In one of his latest posts, Doug Natelson describes the difference between first-principle calculations, and those which instead are based on so-called “toy models”.
First-principle calculations are aimed at incorporating as much as possible of reality as it is known, down to the most fundamental constituents and interactions as required (for example, in Condensed matter physics that reasonably amounts to regarding, e.g., a crystalline solid, as an assembly of electrons and ions, all interacting electrostatically).
But theoretical physicists like to play with “toy models” as well, i.e., highly idealized representations of the physical reality, that cannot (and are not even designed to) provide a quantitatively accurate description of a particular physical system, but rather attempt to capture only its bare essentials.
What is the point of such an exercise ?
It is not obvious at all why there would be any use in studying mathematical models in which, say, the world is two-dimensional, or atoms are assumed to be “hard spheres”, or a caricature description is adopted of a ferromagnet, one in which many simple elementary magnets are assembled into a regular lattice, each magnet only interacting with the ones that are nearby .
Should a theoretical physicist not always attempt to perform calculations wherein accurate, realistic descriptions of a physical system of interest can be utilized, and predictions can be made that can be directly compared to the experimental measurement ? If that is not possible yet, should that not be the goal of research in the various branches of theoretical physics ? Why would anyone waste time with toy models ?
If one could always come up with accurate numbers, allowing one to make reliable quantitative predictions for the outcome of an experiment, should the scope of theoretical physics not be considered achieved ? Wouldn’t we know at that point, all that there is to know ? No.
Theoretical physics research amounts to way more than just producing numbers to compare to experiment. What one is after is physical insight, which consists mostly of identifying the main physical mechanism underlying a particular phenomenon, eliminating everything that only gives a minor quantitative contribution (i.e., to shifting by a few percent the value of the transition temperature). Insight arises as a simple starting point is chosen, and complexity is gradually built on top of it, as observed physical features remain unaccounted for. This type of insight, of understanding, cannot be afforded by any first-principle calculation, no matter how accurate .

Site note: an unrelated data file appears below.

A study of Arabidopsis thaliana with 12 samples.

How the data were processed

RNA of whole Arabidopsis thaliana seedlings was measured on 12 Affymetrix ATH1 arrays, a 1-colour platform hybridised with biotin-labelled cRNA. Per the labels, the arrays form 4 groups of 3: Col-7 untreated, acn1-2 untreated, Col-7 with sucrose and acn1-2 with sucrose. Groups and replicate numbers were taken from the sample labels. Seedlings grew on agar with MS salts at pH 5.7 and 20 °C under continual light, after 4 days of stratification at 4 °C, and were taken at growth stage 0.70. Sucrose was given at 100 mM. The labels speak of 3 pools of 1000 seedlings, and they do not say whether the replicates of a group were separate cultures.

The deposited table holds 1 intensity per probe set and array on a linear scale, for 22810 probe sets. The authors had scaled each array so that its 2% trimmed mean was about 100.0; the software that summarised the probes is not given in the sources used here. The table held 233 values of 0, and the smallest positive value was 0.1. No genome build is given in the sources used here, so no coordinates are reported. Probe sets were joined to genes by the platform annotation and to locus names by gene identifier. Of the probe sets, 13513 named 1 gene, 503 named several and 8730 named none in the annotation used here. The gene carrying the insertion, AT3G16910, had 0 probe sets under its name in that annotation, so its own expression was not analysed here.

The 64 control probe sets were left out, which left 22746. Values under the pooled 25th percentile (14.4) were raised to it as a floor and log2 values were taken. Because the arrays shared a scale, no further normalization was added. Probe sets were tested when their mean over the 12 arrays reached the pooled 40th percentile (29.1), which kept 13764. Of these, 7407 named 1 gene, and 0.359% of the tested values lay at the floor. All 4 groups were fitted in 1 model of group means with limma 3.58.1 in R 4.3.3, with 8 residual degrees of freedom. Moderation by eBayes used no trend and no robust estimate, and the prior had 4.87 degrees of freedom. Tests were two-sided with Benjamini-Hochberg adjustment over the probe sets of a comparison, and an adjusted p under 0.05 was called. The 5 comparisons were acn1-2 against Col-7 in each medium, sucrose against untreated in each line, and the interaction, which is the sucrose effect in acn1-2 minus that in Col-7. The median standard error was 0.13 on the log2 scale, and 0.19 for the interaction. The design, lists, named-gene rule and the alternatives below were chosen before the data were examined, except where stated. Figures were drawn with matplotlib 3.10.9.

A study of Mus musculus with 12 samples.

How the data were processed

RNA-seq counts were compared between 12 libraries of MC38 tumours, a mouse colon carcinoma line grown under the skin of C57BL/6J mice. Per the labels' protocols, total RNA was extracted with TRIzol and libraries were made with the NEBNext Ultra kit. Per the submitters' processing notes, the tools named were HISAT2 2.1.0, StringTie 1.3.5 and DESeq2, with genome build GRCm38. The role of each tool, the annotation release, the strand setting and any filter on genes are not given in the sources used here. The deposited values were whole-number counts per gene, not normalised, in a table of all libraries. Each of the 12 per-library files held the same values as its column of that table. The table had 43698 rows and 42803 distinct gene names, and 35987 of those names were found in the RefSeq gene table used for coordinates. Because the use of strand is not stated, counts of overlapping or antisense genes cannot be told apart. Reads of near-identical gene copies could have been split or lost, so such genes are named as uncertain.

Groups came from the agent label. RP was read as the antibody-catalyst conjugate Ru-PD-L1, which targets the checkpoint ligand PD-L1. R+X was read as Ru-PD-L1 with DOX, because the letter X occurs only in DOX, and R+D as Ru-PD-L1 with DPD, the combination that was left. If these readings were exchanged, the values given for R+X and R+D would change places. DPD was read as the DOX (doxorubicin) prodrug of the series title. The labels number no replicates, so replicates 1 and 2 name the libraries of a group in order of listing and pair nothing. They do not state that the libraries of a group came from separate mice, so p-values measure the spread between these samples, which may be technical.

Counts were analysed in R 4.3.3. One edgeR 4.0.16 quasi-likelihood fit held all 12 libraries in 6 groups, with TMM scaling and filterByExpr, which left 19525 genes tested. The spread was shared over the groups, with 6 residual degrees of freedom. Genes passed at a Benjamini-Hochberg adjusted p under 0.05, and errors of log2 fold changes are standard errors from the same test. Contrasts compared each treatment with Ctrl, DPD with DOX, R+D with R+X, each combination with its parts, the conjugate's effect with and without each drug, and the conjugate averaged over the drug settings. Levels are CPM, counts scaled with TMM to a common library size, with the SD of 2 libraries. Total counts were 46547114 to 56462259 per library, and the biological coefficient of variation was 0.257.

That is precisely the purpose a toy model, which renders it far from being devoid of meaning. In fact, the use of toy models mimics how our mind works, creating complexity by assembling simple objects, concepts.
This is why a considerable fraction of all the theoretical work in areas such as statistical mechanics, materials science etc. has as its objects simple models, apparently unrelated to the complex phenomena which they aim at describing.
A useful toy model should be:
- Simple to treat mathematically and/or numerically
- Capable of describing (mostly qualitatively) the fundamental physics of a particular system under exam, or of a particular class of phenomena, which may not depend crucially on the microscopic details of the system (e.g.. the interaction between atoms or molecules).
It is mainly the second point, formally summarized in the idea of universality, to provide a major justification for studying artificial, highly simplified models. This is typically the case in the study of phase transitions and critical phenomena.
Consider the following example: The figure above  shows the experimentally determined fluid-gas coexistence curve for eight different fluids. Clearly, despite the very different atomic and molecular structures, presumably resulting in vastly different elementary interactions, all of the coexistence curves essentially collapse onto one another, upon performing a simple rescaling an taking experimental uncertainties into account.
This leads one to believe that, at least as far as the shape of the coexistence curve is concerned, interactions cannot play too important a role, and the details of the above curve can be probably understood by studying a simple model in which particles interact via some crude, artificial potential.
Except for specific cases, such as in theoretical high energy physics (where the simplicity of the model is the result of the quest for the ultimate building blocks), or, in condensed matter physics, liquid helium, or assemblies of cold atoms in optical lattices, all systems for which a remarkably simple, toy-like microscopic model can be formulated, very nearly reproducing even quantitatively all experimental observations, first-principle calculations and theoretical work based on toy models, are different in scope, philosophy and methodology. Comparing them is akin to comparing apples and oranges.
 It is worth noticing that the use of artificial models, seemingly too naive to be relevant to any system of interest, is not a peculiar feature of theoretical physics. In all scientific disciplines, including biology and economics, toy models are vasty utilized, and their practitioners subjected to the same kind of criticism that theoretical physicists suffer, namely of studying objects much too far removed from the reality to which they claim to have some relevance. It is a criticism that simply misses the point.
 The major advantage of first-principle calculations, namely that they include (nearly) everything, is also their most significant pitfall, as they make it very difficult to disentangle the various physical mechanisms and their relative relevance to a particular effect.
 Taken from E. A. Guggenheim, “The principle of corresponding states”, J. Chem. Phys. 13, 253 (1945).